The Home Office has announced new citizenship rights for members of the Commonwealth serving in the British Armed Forces.
Servicemen from outside the UK will now be eligible to apply for UK citizenship despite being stationed abroad for most of their service.
Under the new rules, they will no longer be required to live in the UK for five years (or three years if married to or the civil partner of a British citizen) before applying for citizenship.
The changes will enable them to use time spent in service anywhere in the world towards fulfilling the residency requirement.
Home secretary John Reid said: "This change reflects the commitment to the safety and security of the United Kingdom these men and women show every day despite not being stationed on British soil.”
The new rules come only a few months after the South African National Assembly passed the controversial Prohibition of Mercenary Activity and Regulation of Certain Activities in Areas of Armed Conflict Bill, outlawing mercenary activities and giving the government the right to declare certain conflicts prohibited to South African citizens.
The bill was designed to stop South Africa being a haven for mercenaries, but many feel the law is too blunt and will mean that thousands of soldiers working legitimately will have to choose between surrendering their citizenship or returning home to slim employment prospects.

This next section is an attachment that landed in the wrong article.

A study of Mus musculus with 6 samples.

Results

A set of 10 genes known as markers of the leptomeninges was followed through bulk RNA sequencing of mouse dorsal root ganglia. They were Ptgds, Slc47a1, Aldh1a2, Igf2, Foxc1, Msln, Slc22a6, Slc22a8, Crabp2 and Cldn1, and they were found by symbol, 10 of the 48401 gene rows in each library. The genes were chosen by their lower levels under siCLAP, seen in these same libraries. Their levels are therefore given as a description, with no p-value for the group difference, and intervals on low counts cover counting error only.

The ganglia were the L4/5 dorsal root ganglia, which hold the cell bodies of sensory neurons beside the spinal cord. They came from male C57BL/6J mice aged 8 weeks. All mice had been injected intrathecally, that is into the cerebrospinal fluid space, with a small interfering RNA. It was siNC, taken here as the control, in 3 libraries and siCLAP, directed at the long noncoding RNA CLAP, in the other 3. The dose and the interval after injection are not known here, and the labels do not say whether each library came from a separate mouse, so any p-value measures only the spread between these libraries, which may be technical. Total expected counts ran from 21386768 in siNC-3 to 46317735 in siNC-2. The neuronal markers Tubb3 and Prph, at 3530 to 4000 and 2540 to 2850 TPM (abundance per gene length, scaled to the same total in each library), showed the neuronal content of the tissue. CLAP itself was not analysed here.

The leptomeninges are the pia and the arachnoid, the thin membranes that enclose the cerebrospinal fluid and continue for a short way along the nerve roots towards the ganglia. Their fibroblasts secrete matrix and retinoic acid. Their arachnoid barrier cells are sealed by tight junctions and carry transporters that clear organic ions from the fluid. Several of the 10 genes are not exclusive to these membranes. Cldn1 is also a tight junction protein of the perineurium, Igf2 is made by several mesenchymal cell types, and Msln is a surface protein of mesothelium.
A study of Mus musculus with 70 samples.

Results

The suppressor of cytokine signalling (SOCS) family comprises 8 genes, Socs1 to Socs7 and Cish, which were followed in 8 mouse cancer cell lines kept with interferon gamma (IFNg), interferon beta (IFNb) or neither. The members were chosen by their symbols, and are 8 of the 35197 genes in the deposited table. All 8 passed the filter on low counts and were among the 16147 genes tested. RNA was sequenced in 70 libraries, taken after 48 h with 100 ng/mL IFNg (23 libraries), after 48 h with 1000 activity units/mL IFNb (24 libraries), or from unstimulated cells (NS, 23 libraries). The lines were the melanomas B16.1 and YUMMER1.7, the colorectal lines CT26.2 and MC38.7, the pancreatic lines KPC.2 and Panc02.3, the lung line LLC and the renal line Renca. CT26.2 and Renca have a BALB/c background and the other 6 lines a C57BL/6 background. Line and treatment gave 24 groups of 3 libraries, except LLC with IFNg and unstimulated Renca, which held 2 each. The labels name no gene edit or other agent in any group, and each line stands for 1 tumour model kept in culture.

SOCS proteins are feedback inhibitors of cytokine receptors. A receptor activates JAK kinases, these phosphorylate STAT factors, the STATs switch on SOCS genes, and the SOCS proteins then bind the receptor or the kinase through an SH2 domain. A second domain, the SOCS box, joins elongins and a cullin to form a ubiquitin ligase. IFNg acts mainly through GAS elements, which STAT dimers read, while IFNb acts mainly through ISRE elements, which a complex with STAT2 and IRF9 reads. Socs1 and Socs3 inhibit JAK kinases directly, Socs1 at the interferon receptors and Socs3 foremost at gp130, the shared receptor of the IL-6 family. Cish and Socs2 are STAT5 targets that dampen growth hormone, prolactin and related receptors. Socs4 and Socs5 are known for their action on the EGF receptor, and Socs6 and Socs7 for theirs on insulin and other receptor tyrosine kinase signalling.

John Palmer*, a captain serving in the British Army, said he and many other South Africans are simply waiting to see how the bill will affect them. “Nothing much has happened since the bill was passed last August. The Ministry of Defense are still in discussion with the South African government and no decision has been made yet. He added: “It will flare up again I’m sure.”
The new citizenship rules may affect their choices when the time comes.
Sielo Nkosi*, a South African stationed in Germany, said: “For those of us intending to return home, the new rules will not change our plans, but for some of the younger guys going back to South Africa is the last thing they want to do.”
Nkosi said that his South African citizenship is “non-negotiable” and also fears that the bill will strain relations between the UK and South Africa.
The bill has drawn criticism from the international community, and was passed despite a plea from Paul Boateng, British High Commissioner to South Africa.